Asthma is a chronic inflammation of the bronchial tubes (wind pipes) that causes swelling and narrowing of the airways. The result of this is difficulty in breathing. The bronchial narrowing is usually either totally or at least partially reversible with treatments. Bronchial tubes that are chronically inflamed may become overly sensitive to allergens or irritants. The airways may become narrow and remain in a state of increased sensitivity. This is called "airway hyperreactivity” It is likely that there is a range of airway hyperreactivity in all individuals. However, it is clear that asthmatics and allergic individuals have a greater degree of airway hyperreactivity than nonasthmatic and nonallergic people. In sensitive individuals, the bronchial tubes are more likely to swell and constrict when exposed to triggers such as allergens, tobacco smoke, or exercise. Asthma affects people differently. Each individual is unique in their degree of reactivity to environmental triggers. This naturally influences the type and dose of medication prescribed, which may vary from one individual to another. Asthmas are either episodic for new and recent cases or persistent for old and long standing cases. The onset is sudden lasting for few hours to few days. The attack usually reverts to normal with the help of proper medication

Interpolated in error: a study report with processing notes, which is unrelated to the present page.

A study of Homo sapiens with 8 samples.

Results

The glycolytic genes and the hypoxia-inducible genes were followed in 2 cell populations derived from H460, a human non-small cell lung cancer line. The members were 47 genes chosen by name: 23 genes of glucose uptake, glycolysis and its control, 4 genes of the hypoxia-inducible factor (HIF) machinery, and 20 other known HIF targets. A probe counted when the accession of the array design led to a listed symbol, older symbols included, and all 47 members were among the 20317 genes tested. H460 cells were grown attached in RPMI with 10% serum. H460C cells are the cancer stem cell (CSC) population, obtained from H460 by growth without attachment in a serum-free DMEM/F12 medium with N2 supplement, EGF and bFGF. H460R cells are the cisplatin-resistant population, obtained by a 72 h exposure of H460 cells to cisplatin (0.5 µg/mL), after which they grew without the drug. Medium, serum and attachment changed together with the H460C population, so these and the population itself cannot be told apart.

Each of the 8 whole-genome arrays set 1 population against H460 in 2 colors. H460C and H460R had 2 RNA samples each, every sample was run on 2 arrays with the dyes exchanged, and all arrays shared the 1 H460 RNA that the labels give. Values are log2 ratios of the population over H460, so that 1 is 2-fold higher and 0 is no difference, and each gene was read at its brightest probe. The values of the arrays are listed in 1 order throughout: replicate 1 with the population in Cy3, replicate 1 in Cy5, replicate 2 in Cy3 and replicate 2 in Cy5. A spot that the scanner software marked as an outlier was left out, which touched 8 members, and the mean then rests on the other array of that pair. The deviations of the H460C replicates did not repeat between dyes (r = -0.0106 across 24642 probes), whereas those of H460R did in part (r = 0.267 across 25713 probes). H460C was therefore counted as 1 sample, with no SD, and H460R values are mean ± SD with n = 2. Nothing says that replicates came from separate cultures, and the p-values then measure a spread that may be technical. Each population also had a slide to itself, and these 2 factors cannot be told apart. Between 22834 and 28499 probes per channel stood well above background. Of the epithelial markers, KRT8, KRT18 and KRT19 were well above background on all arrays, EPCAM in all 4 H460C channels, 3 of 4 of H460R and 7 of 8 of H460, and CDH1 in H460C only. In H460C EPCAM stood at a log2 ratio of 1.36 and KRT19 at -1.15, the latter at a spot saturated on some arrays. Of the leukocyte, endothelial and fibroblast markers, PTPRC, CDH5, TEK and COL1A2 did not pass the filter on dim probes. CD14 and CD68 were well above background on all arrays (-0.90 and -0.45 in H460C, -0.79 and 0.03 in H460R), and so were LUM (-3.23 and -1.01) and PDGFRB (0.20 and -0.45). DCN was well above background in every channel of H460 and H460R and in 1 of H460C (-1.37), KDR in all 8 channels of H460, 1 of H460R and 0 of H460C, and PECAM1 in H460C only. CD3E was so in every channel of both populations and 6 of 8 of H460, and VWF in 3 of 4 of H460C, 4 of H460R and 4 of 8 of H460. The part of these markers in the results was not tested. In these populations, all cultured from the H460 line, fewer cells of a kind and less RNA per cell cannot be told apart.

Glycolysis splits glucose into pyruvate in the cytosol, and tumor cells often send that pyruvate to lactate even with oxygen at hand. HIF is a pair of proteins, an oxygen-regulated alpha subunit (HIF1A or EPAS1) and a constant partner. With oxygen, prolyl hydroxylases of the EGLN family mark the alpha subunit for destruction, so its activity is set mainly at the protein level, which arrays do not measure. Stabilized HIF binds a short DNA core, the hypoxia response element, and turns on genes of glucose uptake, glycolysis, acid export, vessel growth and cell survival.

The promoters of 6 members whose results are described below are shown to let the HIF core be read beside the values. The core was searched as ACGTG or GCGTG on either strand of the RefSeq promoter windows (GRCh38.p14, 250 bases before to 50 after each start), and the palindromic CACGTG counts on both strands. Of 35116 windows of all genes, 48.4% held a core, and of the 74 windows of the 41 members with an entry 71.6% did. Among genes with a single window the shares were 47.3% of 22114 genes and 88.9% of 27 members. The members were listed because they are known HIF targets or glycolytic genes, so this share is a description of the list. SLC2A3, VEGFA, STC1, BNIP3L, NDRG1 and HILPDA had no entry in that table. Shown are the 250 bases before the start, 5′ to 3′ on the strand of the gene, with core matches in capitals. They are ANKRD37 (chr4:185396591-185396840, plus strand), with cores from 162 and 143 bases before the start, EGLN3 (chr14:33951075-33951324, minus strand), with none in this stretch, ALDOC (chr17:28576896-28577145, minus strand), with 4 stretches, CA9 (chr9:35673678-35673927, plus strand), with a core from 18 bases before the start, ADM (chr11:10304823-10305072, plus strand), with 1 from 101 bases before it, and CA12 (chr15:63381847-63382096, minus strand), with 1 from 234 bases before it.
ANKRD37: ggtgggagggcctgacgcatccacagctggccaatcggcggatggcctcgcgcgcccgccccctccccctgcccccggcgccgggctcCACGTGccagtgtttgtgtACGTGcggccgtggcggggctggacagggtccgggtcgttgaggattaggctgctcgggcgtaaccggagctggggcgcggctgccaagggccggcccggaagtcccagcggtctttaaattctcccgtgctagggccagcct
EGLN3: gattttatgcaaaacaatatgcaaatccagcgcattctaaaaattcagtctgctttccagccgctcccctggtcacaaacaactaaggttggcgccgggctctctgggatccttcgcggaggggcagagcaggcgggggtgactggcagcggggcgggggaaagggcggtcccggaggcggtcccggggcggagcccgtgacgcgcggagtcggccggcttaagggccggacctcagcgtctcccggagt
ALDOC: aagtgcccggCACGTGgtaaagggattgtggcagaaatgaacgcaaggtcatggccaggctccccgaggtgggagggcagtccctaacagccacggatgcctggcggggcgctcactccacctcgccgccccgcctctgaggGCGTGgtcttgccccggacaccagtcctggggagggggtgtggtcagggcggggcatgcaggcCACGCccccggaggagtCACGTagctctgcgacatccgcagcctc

There is shortness of breath, breathlessness. There will be wheezing sound in the chest and prolong expiration. Person experiences tightness in the chest. The heart rate increases which is experienced as fast heart beats. There is dry cough in the initial stage followed by wet cough. During very severe attacks, the person can become blue due to inadequate oxygen supply. This condition is known as cyanosis, and can experience chest pain or even loss of consciousness. Before such attack there is numbness in hands and legs and they start sweating. There is feeling that the body is becoming cold. Such signs of attack are warning signs that the attack is really very severe and the person needs immediate hospitalization.


Asthma can be prevented by identifying the triggering factor and by avoiding it. Care of asthma should be taken as prompt treatment as well as avoiding exposure to allergens and irritants. Asthma has a range of out come after treatment. In some cases asthma can be completely cured where as in some cases good control over asthma attacks and ability to perform day to day activity with ease can be a significant achievement.


Homeopathy offers great promise in treatment of asthma. Homeopathic treatment can reduce person’s sensitivity to various allergens and irritants. Thus homeopathic treatment can reduce frequency and intensity of attacks. Homeopathy can help reduce the need for antiasthamatic drugs and steroids.